Financial Industry Regulatory Authority (FINRA)
FINRA is a nonprofit organization overseen by the U.S. Securities and Exchange Commission (SEC) that regulates U.S. brokerage firms.
FINRA writes rules related to investor protection and market integrity; it examines firms for and enforces compliance with FINRA rules and federal securities laws.
Individuals and firms that want to conduct business with the investing public must achieve and maintain certification as members of FINRA.
As part of its mission to protect investors, brokerage firms, and financial markets, FINRA has specific rules related to cybersecurity that firms must comply with. The 2022 Report on FINRA’s Examination and Risk Monitoring Program gives firms information to help establish their compliance programs; it lists relevant rules, describes effective practices, and includes helpful resources. Part of this report includes regulatory obligations for cybersecurity and technology governance, including Rule 30 of the SEC’s Regulation S-P, which requires firms to have written policies and procedures that are reasonably designed to safeguard customer records and information, and FINRA Rule 4370, Business Continuity Plans and Emergency Contact Information.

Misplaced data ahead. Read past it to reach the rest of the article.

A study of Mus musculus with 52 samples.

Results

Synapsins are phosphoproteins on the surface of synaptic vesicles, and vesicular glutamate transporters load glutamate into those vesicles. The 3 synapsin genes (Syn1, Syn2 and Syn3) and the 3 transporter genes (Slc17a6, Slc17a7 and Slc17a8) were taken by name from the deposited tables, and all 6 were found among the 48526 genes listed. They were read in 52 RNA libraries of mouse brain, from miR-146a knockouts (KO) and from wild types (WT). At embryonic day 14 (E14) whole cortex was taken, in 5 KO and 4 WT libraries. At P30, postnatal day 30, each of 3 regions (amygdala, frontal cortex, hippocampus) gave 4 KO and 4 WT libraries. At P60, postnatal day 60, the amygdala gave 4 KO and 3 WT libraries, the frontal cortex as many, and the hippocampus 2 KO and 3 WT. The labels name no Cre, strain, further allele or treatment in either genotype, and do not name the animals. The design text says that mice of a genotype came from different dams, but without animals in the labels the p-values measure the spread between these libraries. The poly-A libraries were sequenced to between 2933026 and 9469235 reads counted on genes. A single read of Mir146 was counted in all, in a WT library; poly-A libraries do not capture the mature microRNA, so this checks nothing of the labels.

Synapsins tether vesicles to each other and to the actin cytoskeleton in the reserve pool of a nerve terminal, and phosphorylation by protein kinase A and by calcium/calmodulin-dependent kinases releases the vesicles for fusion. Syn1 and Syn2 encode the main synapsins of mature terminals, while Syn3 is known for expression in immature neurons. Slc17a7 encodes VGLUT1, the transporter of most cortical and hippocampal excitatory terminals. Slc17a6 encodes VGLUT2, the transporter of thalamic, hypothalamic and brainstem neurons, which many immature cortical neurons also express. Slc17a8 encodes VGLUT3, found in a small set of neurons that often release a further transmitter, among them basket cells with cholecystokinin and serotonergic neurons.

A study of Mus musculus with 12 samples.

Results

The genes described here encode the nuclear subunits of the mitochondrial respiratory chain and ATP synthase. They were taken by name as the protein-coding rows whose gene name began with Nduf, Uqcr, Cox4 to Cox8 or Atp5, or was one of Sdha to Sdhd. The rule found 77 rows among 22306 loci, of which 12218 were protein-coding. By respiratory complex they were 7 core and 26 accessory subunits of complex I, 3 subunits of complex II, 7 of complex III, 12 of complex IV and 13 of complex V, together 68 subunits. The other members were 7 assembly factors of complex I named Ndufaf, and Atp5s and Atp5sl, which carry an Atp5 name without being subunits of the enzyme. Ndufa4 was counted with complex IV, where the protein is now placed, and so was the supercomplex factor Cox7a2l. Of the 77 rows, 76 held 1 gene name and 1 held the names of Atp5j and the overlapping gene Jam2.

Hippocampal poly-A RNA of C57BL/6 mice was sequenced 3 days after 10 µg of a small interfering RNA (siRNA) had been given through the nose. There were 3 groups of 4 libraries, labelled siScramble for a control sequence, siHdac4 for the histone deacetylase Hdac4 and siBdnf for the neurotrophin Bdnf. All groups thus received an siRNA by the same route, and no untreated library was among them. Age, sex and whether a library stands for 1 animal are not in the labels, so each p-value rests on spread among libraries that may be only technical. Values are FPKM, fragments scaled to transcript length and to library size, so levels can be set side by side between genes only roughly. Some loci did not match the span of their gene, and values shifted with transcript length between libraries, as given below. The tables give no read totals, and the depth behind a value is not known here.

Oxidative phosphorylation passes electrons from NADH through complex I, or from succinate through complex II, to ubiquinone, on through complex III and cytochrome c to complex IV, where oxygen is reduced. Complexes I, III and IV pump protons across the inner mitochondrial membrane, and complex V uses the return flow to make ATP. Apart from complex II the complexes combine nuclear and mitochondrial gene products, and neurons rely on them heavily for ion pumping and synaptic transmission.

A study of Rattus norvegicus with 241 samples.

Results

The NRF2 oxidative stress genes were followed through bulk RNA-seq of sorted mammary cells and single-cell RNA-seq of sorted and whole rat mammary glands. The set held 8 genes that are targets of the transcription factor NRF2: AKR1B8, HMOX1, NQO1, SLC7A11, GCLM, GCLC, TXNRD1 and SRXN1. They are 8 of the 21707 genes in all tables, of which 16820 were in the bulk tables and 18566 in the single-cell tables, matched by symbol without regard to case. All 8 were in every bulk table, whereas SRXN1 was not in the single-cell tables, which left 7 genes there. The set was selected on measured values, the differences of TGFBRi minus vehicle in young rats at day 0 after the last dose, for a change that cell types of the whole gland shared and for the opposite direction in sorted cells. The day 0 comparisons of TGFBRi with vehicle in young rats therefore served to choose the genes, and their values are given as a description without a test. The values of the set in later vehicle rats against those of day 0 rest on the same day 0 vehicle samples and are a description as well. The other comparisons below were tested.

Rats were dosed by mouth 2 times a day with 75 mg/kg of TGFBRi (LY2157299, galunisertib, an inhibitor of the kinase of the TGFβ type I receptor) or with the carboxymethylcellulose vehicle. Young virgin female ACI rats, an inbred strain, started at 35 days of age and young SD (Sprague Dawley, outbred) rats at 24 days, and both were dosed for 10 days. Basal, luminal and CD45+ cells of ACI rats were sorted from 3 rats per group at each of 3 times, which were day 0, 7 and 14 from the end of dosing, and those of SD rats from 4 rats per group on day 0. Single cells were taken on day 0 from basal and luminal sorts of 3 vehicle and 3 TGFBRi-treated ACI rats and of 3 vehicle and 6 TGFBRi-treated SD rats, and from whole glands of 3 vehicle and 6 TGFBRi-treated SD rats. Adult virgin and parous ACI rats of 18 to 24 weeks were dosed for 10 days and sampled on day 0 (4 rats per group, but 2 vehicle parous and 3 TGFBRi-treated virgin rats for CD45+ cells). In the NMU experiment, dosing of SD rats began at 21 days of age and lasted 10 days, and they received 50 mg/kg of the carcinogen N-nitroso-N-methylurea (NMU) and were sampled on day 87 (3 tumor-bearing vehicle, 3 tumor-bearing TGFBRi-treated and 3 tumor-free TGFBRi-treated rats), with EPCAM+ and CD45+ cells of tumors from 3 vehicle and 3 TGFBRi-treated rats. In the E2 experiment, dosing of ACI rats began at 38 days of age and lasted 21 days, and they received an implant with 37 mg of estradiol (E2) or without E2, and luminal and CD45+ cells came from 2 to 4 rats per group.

These rules provides cybersecurity guidance and resources to help firms build out their cybersecurity programs and maintain compliance with these regulations. These include a Small Firm Cybersecurity Checklist, Core Cybersecurity Threats and Effective Controls for Small Firms, and a Report on Selected Cybersecurity Practices – 2018.
FINRA evaluates brokerage firms’ approaches to cybersecurity risk management by reviewing controls in several areas:
- Technology governance
- Technical controls
- Risk assessment
- Access management
- Incident response
- Vendor management
- Data loss prevention
- System change management
- Branch controls
- Staff training
It publishes Information Notices on common cybersecurity threats that broker-dealers face, including phishing, imposter websites, customer account takeover incidents, fraudulent wires of ACH transactions, and vendor breaches. FINRA also pushes out cybersecurity alerts to members based on recent attacks.